Faculty of Medicine news
A new potential target to slow breast cancer tumor progression and metastasis has been identified by a team of researchers led by Dr. Richard Kremer from the Research Institute of the McGill University Health Centre (RI-MUHC).
On November 10, 2011, McGill University’s School of Nursing will host a one-day conference on “Expanding the Scope of Nursing Practice: Destiny or Diversion?”
Amphetamine use in adolescence can cause neurobiological imbalances and increase risk-taking behaviour, and these effects can persist into adulthood, even when subjects are drug free.
Dr. Brenda Milner, a pioneer in the field of cognitive neuroscience whose discoveries revolutionized the understanding of memory, is the 2011 recipient of the Pearl Meister Greengard Prize.
McGill University has made an impressive move up to 11th place among the world’s top universities for clinical, pre-clinical and health education in the 2011-2012 Times Higher Education (THE) rankings. Last year, McGill placed 19th in the same category.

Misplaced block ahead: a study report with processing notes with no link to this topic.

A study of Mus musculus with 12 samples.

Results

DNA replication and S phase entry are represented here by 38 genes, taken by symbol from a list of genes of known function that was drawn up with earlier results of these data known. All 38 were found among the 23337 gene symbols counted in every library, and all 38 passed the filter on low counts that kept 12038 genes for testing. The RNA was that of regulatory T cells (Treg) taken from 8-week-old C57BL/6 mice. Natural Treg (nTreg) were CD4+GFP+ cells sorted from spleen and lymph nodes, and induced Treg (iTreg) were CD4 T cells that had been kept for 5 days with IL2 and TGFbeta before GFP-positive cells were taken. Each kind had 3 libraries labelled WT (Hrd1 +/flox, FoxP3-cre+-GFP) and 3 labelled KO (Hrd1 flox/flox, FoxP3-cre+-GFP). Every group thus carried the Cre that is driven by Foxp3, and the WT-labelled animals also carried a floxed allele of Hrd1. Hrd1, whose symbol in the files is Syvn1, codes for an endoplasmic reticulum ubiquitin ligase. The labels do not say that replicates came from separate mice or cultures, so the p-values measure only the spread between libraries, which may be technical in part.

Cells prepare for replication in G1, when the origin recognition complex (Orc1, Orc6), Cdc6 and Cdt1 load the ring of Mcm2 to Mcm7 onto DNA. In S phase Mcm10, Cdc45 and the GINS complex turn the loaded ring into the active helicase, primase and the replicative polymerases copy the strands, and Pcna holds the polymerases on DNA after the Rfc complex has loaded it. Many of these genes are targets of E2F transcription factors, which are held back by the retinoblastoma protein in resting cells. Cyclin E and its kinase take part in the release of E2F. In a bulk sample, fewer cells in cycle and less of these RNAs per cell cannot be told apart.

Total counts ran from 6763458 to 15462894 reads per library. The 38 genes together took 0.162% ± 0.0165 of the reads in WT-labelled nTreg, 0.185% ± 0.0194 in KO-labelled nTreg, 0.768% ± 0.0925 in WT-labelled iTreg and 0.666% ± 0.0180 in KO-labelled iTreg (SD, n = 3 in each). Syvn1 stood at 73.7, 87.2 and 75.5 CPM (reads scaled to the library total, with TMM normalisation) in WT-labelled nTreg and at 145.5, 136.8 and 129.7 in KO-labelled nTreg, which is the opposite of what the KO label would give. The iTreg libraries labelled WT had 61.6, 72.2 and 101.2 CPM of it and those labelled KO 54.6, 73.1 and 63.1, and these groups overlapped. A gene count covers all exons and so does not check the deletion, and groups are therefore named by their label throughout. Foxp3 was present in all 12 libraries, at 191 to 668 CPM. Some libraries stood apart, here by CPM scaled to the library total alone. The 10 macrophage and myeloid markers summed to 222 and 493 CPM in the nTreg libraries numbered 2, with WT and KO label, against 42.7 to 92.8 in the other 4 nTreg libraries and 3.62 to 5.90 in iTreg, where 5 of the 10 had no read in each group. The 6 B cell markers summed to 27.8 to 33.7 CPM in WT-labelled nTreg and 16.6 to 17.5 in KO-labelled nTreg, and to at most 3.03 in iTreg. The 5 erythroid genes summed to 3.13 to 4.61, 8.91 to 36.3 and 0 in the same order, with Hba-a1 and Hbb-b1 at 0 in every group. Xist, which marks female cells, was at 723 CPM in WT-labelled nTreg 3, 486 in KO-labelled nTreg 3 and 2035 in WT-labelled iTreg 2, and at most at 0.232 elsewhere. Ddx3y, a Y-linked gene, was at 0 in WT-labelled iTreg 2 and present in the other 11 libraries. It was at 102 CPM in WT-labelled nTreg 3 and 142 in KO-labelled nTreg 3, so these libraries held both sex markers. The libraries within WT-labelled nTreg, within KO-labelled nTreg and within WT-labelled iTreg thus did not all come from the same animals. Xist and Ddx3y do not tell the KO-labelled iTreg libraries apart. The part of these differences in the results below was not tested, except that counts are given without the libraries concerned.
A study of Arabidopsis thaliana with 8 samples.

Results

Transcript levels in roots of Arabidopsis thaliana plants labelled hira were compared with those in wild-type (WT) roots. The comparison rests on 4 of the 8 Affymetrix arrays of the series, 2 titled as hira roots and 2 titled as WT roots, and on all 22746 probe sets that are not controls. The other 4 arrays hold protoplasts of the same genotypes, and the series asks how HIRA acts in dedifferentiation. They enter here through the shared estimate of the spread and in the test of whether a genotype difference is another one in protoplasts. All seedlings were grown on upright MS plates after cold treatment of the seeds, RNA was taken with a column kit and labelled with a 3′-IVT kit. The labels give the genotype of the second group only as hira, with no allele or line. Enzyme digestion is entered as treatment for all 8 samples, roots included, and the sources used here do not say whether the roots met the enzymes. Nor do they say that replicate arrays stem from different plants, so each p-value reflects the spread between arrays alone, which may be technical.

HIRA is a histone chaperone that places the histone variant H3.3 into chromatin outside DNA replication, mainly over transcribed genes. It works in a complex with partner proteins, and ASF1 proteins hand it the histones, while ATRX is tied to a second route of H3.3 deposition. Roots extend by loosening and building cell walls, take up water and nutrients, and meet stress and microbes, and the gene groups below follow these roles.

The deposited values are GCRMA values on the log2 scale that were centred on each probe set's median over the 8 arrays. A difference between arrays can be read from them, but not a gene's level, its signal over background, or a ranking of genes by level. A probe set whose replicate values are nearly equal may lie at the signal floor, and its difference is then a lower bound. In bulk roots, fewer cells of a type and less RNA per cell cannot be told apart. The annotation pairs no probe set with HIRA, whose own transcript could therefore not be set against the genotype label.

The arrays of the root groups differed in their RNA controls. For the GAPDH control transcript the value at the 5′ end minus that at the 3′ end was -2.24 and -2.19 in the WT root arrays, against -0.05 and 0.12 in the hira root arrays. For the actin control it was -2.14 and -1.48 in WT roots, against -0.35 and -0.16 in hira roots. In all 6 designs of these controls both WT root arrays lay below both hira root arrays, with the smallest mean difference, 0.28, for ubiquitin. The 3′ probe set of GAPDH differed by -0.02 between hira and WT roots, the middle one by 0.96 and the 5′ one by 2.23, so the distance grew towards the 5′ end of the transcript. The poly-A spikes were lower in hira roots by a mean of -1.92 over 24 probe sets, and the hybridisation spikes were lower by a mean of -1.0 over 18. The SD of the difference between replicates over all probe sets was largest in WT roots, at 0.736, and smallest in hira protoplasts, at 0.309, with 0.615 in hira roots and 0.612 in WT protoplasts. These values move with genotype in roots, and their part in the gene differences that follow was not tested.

Nahum Sonenberg, professor of biochemistry at the Goodman Cancer Research Center at McGill University, has been awarded the 41st Lewis S. Rosenstiel Award for Distinguished Work in Basic Medical Science. His research has revolutionized understanding of processes ranging from the response to insulin, cellular development, immunology as well as learning and memory.
Harsh discipline at school prompts young children into lying more readily about their misdemeanours than their peers from less stricter institutions, new research says.
Just when the old adage "an apple a day keeps the doctor away" seems to lose any real meaning behind that condescending rhyme, science steps in to revive the proverb with relevance.
We already know HPV, or human papillomavirus, can cause cervical cancer. It's also known to cause some kinds of oral cancer. But could HPV also cause heart disease?
Le mystérieux mécanisme de la prise de décision est mieux compris grâce à des travaux réalisés à l'Institut et hôpital neurologiques de Montréal de l'Université McGill.
Music alleviates depression, reports a study in the journal Complementary Therapies. Researchers at the National University of Singapore reviewed 17 studies that examined the effects of music on the big D, and found that playing your favorite tunes as little as once a week can help reduce depressive symptoms.